The diagnosis of cancer in your pet is very scary and upsetting. However, it is not necessarily a death sentence for your four-legged friend. Unfortunately cancer is a common disease in dogs and cats, and seen more often in older animals.
With the advancement of veterinary medicine, the life span of pets has become longer. Therefore we see more cancer cases. Although it sounds frightening, a better way to look at cancer should be as with any other incurable chronic disease in which our goal of treatment is control of the disease and to prolong life with good quality.
Once cancer is suspected, the diagnosis is confirmed with tissue sampling and staging of the disease. The goal of staging is to assess the extent of the cancer, which allows the vet to create a treatment plan and assess the prognosis. The staging usually includes blood and urine testing, radiographs and ultrasound.
Some cancers, which are localized, can be managed and even cured by surgical removal. Other cases need adjunctive chemotherapy treatments after surgery or as the primary treatment.
Chemotherapy can sound very intimidating, but it is different than what you know from the human field. The reason for that is that in veterinary medicine we use the same chemotherapy drugs that are used in humans, but due to ethics aspects the dose is much lower, and we give fewer drugs at one time, therefore there are less side effects. The goal of chemotherapy in veterinary medicine is not to cure the cancer, but to manage it with a good quality of life and hence the dosage difference.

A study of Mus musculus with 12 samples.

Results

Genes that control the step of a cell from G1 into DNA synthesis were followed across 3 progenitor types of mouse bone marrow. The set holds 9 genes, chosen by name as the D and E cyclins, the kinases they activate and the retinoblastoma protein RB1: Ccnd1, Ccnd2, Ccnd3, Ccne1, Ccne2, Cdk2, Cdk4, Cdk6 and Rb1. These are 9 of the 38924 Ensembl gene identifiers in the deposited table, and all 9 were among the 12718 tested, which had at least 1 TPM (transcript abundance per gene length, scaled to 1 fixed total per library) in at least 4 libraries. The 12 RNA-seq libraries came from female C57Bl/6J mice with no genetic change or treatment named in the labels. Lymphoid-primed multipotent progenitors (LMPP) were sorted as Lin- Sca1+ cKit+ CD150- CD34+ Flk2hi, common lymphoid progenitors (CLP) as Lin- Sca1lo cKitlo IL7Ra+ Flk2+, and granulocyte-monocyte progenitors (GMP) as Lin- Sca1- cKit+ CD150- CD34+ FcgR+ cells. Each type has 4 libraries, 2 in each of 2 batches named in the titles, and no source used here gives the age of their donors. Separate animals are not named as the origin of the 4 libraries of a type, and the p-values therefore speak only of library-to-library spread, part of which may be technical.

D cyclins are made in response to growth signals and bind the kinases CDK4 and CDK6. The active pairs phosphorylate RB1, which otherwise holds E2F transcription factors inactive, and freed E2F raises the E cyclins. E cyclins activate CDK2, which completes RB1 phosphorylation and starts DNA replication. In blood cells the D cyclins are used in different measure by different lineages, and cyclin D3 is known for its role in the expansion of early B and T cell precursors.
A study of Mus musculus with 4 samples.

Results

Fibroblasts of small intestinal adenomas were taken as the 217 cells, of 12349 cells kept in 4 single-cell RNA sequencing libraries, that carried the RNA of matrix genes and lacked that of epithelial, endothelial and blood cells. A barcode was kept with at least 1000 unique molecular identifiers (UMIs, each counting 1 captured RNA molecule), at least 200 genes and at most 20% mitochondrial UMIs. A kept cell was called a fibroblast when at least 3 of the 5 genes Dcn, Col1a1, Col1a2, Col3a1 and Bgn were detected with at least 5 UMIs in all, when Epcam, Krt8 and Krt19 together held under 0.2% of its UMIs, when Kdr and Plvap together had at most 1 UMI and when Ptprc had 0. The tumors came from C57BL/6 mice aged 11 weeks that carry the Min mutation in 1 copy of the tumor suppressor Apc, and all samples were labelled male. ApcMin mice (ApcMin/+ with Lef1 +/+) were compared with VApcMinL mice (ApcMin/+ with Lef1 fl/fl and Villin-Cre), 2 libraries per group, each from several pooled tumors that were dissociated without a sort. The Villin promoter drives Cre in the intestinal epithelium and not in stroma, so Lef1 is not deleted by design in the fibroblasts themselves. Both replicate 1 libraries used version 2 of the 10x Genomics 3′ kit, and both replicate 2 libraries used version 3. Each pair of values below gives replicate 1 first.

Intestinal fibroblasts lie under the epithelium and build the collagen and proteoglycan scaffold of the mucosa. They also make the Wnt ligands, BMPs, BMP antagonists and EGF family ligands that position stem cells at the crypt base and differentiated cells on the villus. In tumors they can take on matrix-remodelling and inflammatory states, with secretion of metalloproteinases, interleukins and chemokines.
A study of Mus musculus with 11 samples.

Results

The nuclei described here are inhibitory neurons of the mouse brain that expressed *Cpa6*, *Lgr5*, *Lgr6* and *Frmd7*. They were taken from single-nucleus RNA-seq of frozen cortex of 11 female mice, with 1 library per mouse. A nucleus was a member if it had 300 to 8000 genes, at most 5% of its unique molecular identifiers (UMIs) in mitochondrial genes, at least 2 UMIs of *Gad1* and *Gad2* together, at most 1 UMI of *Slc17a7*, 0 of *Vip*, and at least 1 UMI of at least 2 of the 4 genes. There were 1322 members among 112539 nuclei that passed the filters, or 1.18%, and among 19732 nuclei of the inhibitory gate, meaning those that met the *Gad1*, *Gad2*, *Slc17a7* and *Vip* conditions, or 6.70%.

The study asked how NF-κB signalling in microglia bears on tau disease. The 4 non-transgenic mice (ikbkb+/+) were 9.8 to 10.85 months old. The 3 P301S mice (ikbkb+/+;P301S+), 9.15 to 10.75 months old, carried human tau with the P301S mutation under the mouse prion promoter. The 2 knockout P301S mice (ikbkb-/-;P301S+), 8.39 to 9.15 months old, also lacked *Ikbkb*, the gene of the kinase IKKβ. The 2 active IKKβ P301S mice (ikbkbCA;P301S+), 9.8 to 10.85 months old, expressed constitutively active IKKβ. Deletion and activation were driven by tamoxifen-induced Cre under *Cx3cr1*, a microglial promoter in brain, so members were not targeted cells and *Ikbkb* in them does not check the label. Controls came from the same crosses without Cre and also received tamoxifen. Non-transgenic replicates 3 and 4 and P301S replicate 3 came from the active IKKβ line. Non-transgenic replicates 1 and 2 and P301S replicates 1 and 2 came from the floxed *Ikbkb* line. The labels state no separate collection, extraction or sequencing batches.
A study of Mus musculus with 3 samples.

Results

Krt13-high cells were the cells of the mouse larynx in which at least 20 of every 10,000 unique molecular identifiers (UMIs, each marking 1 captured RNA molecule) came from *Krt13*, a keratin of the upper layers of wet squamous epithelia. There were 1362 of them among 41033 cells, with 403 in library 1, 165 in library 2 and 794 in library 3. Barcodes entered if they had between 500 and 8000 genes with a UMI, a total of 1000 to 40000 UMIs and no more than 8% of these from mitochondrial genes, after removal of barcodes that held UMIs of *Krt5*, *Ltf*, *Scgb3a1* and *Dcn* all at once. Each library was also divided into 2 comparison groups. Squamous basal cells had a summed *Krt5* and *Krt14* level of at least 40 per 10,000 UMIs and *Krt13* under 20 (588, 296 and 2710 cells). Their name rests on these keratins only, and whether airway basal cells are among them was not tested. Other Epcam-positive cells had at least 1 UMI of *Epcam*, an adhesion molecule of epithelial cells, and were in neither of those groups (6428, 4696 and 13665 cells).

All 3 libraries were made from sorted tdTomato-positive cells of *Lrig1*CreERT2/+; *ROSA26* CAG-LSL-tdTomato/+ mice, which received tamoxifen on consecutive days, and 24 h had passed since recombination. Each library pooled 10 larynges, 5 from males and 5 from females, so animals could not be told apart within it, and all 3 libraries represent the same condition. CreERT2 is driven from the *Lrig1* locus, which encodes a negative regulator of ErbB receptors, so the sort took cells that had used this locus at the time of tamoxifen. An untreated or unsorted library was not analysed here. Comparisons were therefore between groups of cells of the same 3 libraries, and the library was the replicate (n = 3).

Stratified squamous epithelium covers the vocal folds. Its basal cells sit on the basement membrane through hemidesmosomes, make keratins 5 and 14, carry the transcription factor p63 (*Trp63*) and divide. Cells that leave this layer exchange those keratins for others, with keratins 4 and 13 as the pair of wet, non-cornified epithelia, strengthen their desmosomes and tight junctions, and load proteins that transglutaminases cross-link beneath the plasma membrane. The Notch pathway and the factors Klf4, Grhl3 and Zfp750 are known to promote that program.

Only 25% of the treated animals will have mild side effects, such as vomiting and diarrhea. These side affects are managed and the animal is comfortable. Most pets do not experience hair loss, however some breeds can. These signs are merely cosmetic side effects, do not necessarily happen and resolve once treatment is completed. Less than 5% of those treated will have more severe side effects (fever, lethargy, infections), but these can be turned around after 24-72 hours of supportive care. Most of the chemotherapy patients are outpatients. If there are any gastrointestinal side effects they usually occur 1-3 days after the treatment. Another possible side effect is low white blood cell count, which usually occur 7-10 days after the treatment. For this reason we monitor with blood tests during and after chemotherapy.
In general chemotherapy is well tolerated by animals, and allows them a good quality of life, and an extended life span.